As cloud computing continues to become the order of the day in business technology, differences between various companies' services are quickly morphing into serious interoperability problems.
However, a large coalition of major business technology firms, including EMC, are making an effort to standardize cloud computing offerings and ensure that clients are able to switch from one to another in short order.
That group, on Monday, released the first draft of the Topology and Orchestration Specification for Cloud Applications, according to a report from TechWeek Europe. The TOSCA standard is the most robust yet proposed for the burgeoning cloud industry, and represents one of the first efforts to address certain considerations.
The tech news source said, for example, that the storage and server specifications contained in the first draft of TOSCA are among the first of their kind, as is the standard's creation of a so-called service template.
"Ultimately, this will benefit the consumers, developers, and providers of cloud-based solutions and provide an essential foundation for even higher-level TOSCA-based vocabularies that could be focused on specific solutions and domains," the group said, according to TechWeek Europe.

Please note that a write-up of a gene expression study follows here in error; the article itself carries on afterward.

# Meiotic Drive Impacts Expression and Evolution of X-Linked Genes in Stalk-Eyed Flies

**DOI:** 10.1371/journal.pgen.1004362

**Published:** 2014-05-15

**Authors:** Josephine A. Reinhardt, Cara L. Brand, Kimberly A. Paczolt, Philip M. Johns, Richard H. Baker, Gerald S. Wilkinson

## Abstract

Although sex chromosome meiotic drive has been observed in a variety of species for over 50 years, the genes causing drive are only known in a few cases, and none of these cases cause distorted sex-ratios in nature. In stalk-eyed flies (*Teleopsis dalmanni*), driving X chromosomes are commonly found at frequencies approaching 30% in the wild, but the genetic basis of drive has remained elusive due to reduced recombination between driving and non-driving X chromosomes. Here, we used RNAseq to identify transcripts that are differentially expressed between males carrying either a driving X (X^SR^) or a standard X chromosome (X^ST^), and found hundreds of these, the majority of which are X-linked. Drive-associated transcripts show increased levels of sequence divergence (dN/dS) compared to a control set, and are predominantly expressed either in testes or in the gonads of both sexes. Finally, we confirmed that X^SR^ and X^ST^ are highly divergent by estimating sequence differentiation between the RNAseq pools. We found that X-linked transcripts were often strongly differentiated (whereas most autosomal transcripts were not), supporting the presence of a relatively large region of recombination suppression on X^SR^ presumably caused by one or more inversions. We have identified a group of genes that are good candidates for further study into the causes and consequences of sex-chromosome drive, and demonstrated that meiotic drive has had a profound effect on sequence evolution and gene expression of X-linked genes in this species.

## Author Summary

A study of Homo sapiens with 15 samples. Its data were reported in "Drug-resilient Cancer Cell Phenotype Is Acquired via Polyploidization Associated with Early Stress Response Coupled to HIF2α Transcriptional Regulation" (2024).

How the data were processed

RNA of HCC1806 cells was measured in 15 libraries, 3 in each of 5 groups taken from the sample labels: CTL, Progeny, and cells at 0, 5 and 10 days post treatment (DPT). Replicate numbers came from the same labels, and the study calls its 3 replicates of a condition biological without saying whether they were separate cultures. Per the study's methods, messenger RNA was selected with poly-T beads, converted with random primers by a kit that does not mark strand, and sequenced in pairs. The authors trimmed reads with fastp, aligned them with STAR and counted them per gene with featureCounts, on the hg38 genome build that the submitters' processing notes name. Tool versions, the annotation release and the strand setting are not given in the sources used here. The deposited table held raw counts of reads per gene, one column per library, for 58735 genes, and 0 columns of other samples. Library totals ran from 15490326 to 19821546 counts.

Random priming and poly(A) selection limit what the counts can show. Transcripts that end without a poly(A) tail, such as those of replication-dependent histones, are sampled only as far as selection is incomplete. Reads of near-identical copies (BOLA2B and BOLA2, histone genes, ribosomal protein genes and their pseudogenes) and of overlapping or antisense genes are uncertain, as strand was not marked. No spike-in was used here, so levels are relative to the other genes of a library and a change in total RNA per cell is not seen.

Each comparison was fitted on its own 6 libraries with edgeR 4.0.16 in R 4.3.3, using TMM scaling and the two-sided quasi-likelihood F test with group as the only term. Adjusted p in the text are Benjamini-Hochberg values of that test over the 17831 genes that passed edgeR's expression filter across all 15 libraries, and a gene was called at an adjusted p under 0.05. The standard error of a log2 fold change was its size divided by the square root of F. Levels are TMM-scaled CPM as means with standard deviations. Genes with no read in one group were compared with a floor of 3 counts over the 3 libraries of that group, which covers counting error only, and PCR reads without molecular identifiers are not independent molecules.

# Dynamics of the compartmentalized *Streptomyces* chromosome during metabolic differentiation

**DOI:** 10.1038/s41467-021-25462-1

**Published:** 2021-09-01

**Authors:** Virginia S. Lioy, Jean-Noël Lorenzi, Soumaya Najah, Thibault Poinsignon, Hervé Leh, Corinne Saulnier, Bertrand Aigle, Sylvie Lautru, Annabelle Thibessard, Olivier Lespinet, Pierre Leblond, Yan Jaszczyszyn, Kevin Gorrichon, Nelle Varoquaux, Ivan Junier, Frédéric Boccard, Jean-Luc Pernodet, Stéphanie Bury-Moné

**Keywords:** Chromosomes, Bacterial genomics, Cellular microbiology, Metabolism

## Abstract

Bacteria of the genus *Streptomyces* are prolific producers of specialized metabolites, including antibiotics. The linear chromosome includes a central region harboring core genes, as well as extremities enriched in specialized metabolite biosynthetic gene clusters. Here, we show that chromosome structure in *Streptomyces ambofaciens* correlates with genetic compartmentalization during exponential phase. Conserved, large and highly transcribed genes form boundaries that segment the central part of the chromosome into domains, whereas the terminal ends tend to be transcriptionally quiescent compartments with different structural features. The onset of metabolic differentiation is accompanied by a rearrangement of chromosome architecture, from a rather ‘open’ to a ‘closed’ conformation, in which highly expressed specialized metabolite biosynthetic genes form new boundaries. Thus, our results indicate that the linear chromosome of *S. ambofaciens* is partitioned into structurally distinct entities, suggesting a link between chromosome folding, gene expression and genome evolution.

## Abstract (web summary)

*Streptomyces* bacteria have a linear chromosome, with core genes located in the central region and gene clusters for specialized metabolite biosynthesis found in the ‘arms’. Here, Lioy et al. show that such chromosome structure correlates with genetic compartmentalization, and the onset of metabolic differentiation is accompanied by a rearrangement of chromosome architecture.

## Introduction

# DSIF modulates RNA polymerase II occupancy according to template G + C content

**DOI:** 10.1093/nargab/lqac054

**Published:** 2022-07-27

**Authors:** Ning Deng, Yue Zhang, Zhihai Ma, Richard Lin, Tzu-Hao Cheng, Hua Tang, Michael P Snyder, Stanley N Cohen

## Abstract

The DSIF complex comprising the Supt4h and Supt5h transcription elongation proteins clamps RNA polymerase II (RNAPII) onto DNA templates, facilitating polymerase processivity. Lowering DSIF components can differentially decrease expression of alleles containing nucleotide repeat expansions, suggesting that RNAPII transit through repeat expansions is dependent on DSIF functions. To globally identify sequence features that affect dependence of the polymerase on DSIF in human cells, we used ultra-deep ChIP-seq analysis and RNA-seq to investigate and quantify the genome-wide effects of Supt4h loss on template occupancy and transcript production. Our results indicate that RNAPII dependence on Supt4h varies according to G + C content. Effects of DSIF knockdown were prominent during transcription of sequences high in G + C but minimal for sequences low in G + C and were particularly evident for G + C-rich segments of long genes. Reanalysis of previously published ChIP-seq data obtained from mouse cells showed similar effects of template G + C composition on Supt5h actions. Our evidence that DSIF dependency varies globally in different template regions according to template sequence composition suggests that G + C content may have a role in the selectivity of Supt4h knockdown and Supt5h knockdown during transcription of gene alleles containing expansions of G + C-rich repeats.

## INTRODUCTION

Business Insider reported that the effort by EMC and the other firms involved could lead to badly needed advances in the flexibility and portability of cloud computing.
"Some applications are pretty fussy. They need their servers, storage and networks set up very precisely and it's not easy or cheap to get that same set up hosted by another provider. That's what this standard sets out to address," the news source noted.
Business Insider also said that Amazon was notable for its absence from the coalition, though it added that this wasn't necessarily a surprise. As one of the biggest players in the virtual infrastructure space, among others, the company might see consumer choice as a threat to its hegemony.
Regardless, the cloud's flexibility as a platform can only be aided by the development of crucial standards governing its use and the way in which it delivers its functionality. Although there is little to suggest that the efforts by EMC and others will cause a revolution overnight, the presence of many of the biggest business computing firms in the coalition should ensure that the group exerts considerable influence.